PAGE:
Food for Thought

Game's ON!
By Lorinda



With a new year comes a bombardment of articles offering weight-loss and fitness suggestions. Drink more water. Eat more vegetables. Walk, walk, walk! Those are pretty basic, non-arguable ideas.

Then there are the articles that confuse me thoroughly. Depending on who is reporting, coffee, green tea, chocolate, bacon, bananas, corn, potatoes, whole grains, and alcohol are either a gift from above or a poor choice. Meat is also on this list.

Before you come at me with pitchforks, waving your torches, I want to go on record to say that I greatly respect those who embrace a meat-free diet, but I've tried it and failed miserably. My husband and I are meat eaters, though for the most part we don't overindulge, and the majority of our meat is game meat.

I'm not advocating a mass advance on the woods; there simply aren't enough wild animals to feed our population. I do, however, believe that game meat is superior to that purchased in grocery stores and is a good choice for those who have access to it.

We eat wild grouse and turkey when the family hunter has had good luck. Fresh seafood was a large part of our diet when we lived on the coast, but now it is an occasional treat, as we rely on good friends to bring us seafood when they visit. I pay them back with huckleberry jam!

Here in the Pacific Northwest, fish, fowl, deer, moose, bear, and elk are commonly harvested. We have elk, deer, and bear in our freezer right now and are enjoying (and sharing) the bounty.

Even the stodgy Mayo Clinic recognizes the superiority of game meat. According to them it is lower in calories and fat, and on the lower end of the cholesterol scale when compared to beef or pork. For more information, read Wild game—A healthy choice?

I found a wonderful article by the University of Wyoming, comparing the nutritional values of meat: Nutritional Content of Game Meat (scroll down the page to find the .pdf file). Surprisingly, the differences between game meat and beef weren't as large as I expected. Their study shows that wild meat is lower in fat, slightly higher in protein, and has more Omega-3 and Omega-6 fatty acids. However, considering that the wild meat also hasn't been exposed to as many chemicals and GMOs (I can't say they don't get any, because I've seen game animals eating out of farmers' fields), I'll choose game meat any day.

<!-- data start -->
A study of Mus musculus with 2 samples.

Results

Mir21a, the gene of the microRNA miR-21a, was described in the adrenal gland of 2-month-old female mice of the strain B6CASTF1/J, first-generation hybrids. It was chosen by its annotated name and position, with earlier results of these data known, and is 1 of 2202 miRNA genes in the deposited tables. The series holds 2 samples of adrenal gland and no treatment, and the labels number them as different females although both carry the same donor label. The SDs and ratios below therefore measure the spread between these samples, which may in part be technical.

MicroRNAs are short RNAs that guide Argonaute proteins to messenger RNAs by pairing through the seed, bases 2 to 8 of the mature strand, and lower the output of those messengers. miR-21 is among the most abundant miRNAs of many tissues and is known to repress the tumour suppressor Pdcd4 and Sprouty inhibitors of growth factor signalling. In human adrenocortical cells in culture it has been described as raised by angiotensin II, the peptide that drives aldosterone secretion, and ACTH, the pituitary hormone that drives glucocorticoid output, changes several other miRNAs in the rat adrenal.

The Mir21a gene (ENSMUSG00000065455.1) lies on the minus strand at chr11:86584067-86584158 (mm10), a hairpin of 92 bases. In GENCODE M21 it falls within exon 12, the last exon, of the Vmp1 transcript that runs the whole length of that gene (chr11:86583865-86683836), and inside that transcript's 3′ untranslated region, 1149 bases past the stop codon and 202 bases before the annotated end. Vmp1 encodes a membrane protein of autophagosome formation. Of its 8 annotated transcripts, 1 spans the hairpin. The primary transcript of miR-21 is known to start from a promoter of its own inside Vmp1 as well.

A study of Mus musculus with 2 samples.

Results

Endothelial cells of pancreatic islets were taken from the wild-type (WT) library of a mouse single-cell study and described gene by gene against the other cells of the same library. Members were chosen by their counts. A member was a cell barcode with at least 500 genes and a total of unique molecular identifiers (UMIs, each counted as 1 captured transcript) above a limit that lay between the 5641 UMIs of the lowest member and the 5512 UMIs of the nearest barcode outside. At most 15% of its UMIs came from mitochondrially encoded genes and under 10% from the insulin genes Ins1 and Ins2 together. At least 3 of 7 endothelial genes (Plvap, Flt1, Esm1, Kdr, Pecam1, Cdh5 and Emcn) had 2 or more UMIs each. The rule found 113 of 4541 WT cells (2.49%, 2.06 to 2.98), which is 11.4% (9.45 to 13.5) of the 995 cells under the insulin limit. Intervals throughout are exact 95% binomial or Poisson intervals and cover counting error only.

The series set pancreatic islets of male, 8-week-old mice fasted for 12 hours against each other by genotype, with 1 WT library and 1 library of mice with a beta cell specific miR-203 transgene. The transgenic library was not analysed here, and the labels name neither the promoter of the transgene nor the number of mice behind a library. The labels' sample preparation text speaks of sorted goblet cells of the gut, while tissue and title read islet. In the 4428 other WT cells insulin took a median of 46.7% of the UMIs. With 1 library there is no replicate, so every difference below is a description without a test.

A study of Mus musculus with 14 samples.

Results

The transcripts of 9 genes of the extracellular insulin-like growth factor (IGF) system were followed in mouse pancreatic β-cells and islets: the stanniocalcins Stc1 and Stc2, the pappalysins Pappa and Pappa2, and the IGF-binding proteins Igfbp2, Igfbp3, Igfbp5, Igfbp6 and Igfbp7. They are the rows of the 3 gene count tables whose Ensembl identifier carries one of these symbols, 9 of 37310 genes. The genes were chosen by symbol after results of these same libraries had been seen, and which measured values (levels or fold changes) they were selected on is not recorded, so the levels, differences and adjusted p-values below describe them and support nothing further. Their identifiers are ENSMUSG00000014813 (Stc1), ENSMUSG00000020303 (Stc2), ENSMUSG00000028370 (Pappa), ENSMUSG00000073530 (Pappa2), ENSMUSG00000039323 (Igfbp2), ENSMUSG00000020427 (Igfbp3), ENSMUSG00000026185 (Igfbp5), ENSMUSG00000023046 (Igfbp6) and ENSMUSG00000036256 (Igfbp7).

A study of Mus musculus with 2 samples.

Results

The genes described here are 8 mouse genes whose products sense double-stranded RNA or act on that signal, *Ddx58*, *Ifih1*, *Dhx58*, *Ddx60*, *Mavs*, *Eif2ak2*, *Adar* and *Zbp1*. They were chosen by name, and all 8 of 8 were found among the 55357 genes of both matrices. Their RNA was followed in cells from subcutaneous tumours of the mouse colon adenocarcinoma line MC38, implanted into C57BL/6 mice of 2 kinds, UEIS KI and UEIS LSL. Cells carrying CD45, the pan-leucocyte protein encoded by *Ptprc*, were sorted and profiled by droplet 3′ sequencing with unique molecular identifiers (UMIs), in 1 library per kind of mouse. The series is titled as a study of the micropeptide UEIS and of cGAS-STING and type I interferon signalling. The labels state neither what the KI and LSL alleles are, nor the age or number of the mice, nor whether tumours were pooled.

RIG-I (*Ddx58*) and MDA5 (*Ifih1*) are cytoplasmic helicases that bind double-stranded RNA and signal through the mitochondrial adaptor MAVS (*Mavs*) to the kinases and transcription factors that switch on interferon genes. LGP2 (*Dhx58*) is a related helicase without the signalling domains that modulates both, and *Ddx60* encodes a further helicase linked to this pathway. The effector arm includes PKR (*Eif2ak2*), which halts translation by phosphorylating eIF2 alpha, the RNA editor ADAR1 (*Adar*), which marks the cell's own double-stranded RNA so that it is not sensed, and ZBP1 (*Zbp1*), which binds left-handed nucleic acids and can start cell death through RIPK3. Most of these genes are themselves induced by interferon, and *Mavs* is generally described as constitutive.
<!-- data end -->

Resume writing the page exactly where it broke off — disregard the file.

The Big Guys

Properly field dressed, aged, and butchered, wild game is tender and flavorful. Careful removal of the fat and gristle will keep the meat from being too gamey tasting. Where an animal lives and what it eats can also make a huge difference in its flavor; a coastal bear eating fish and (possibly) rooting through garbage cans is not going to taste as good as a bear in the hills that eats berries and smaller game.

I was pleasantly surprised this year to find that I loved the taste of bear. I can honestly say that I wouldn't have been able to tell it apart from beef—except the bear meat was more tender. Elk is also very similar to beef in flavor and texture. Venison can be a little less palatable unless it's thoughtfully cooked. I soak my venison in brine or in buttermilk overnight before cooking it, which really helps.

For those of you who have access to elk, bear, antelope, or deer (or you can use bison, which is readily available in many stores now), here is my recipe for a bourguignon, one of my favorite ways to prepare wild game. I used elk in this batch.


Elk Bourguignon


Fowl Play

Wild turkey can be tough, because instead of being stuffed in a cage and being fed grains and corn, they're out there doing what a turkey does . . . running around being social, and flying when they must. They are more sinewy than a domestic bird and need to be cooked differently. Personally, I only bake or slow-cook the breast meat, and turn the rest of the bird into delicious turkey stock.

I recommend brining or marinating before cooking, with a combination of wine (or orange juice), olive oil, and seasonings of your choice. I've heard of a dark beer and honey marinade, which sounds awfully good, too. I also like to place a couple of strips of bacon over the turkey breast and cover it lightly with foil before baking.

If you choose to roast the whole turkey, roast it breast side down and make sure to baste it often. Don't expect to get as much meat from it as you get from a domestically raised turkey; the wild ones are much leaner and don't have the leisure time to eat and become voluptuous!

We rarely eat grouse or pheasant. Frankly, there's just not enough meat on them to make it worth the effort. But . . . grouse are numerous where we live, so if the opportunity presents itself, I'll find myself with a few grouse breasts to cook. My favorite way to prepare them is to slice the breast thinly, roll the slices in seasoned flour, then dip them in buttermilk, and finally roll them in panko (Japanese-style breadcrumbs found in most grocery stores). Fry the strips quickly in hot oil.


Breaded wild fowl strips


To accompany the meal, I make some lovely dark rolls. These are soft and flavorful, with a delicate crust and a hint of chocolate. They're perfect for sandwiches, too.


Dark and Divine Dinner Rolls


Speaking of chocolate . . . next month's column will be full of Valentine treats, my favorite. Go ahead and watch your calories in January, because you certainly won't want to next month!


Contact Lorinda at lorindamckinnon@gmail.com

Lorinda resides in Eastern Washington, where she joyously combines her love of cooking and gardening. Baking is her passion, and licking the batter off the spoon after making a cake is her reward. When she's not in the kitchen, she's out in the garden pulling weeds and snacking on young peas. Also enjoy Lorinda's blog, The Rowdy Baker.